How to Calculate Capacitor Discharge

Written by william hirsch
Determine the discharge of a capacitor using a calculator. (Hemera Technologies/PhotoObjects.net/Getty Images)

Consider computing the discharge of a capacitor to determine its voltage, current and stored energy as time goes by. Capacitors store electrical energy in circuits for later use. This energy may be dissipated as heat through a resistor that blocks the flow of electrical current. In basic form, a capacitor consists of a pair of parallel metal plates encased in plastic. The amount on energy stored on the capacitor depends on its capacitance in farads and its voltage. When a capacitor discharges, it does so at an exponential rate.

Skill level:
Moderate


  1. 1

    Multiply the resistance, in ohms, by the capacitance of the circuit, in farads, to obtain the time constant in seconds for the circuit. The time constant represents the time for the charge on the capacitor to drop to 36.79 per cent of its original value. Assume a resistance of 200 ohm and a capacitance of 100 microfarad. A microfarad, a common capacitance unit, equals one millionth of a farad. Performing this step leads to a time constant of 200 times 100 times 10^-6, or 0.02 seconds. The symbol "^" denotes an exponent and is read as "to the power."

  2. 2

    Divide the time, in seconds, that passed during discharge by the time constant. Then multiply by minus one. Call this result "X." Assuming a time of 0.01 seconds leads to 0.01 seconds divided by 0.02 seconds, or 0.5. Multiplying by minus one yields -0.5 for "X."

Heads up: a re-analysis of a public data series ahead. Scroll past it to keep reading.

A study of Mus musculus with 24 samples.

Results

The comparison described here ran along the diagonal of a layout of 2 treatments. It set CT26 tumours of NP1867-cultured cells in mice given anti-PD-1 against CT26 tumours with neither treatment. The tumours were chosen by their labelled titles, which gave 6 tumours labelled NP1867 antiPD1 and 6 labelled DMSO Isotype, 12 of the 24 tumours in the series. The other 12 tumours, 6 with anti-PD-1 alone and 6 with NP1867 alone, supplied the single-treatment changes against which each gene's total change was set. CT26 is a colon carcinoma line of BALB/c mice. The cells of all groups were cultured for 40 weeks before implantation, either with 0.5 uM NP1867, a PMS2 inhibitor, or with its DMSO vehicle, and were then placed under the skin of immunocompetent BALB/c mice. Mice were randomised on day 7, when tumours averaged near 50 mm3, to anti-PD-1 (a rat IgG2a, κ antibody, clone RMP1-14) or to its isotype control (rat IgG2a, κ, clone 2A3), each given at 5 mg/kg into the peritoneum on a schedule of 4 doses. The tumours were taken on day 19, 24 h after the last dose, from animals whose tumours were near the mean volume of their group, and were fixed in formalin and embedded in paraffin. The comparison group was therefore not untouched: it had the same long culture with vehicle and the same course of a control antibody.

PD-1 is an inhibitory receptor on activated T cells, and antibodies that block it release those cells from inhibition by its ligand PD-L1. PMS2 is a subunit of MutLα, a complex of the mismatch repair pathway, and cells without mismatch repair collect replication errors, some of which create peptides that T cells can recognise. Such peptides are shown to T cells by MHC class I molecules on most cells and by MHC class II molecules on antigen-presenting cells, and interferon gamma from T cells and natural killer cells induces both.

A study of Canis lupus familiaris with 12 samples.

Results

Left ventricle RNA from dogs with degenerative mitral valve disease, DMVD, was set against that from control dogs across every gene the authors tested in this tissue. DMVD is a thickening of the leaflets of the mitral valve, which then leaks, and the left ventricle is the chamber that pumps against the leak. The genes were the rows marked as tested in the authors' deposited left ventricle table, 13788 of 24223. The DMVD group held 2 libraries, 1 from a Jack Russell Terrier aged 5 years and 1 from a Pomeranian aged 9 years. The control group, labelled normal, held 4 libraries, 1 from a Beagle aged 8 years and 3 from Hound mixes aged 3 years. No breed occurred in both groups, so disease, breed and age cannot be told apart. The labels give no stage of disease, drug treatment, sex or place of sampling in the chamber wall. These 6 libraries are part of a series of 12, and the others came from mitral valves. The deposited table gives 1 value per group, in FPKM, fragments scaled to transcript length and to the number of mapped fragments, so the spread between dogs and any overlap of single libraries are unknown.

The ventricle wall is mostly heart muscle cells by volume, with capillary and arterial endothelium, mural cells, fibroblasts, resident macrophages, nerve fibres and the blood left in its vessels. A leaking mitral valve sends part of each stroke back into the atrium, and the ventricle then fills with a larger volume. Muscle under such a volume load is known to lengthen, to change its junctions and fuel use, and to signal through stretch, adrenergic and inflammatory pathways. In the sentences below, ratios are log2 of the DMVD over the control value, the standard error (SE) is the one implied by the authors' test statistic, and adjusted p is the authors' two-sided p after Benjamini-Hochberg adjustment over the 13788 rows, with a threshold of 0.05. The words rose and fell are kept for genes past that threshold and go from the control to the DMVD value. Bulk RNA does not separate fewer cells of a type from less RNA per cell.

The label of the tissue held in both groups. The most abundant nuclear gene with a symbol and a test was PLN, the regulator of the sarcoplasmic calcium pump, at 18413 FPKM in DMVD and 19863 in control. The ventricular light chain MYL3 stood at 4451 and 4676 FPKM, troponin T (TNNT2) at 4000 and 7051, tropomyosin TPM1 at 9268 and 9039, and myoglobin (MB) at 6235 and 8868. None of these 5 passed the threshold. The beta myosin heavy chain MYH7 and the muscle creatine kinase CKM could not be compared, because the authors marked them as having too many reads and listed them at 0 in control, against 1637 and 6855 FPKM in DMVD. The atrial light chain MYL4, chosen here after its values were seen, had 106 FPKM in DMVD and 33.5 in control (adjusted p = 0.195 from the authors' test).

3. 3

    Take the exponential of "X." Call this result "Y." The exponential function is labelled by either "exp" or "e^x" on calculators. Continuing the exercise leads to the exponential of -0.5, or 0.61 for "Y."

  4. 4

    Multiply the initial voltage on the capacitor by "Y" to obtain its voltage after the partial discharge. Assuming an initial voltage of 5 volts, you have 5 volts times 0.61, or 3.1 volts.

  5. 5

    Divide the new voltage of the capacitor by the resistance to obtain the current in the capacitor in amps after partial discharge. Now you have 3.1 volts divided by 200 ohms, or a current of 0.02 amps.

  6. 6

    Multiply 0.5 by the capacitance by the voltage after partial discharge squared to get the energy stored in the capacitor in joules. Performing this calculation you have 0.5 times 100 times 10^-6 times 3.1 volts times 3.1 volts, or an energy of 0.00048 joules. This is equivalent to 0.48 millijoules, since a millijoule equals 1,000 joules.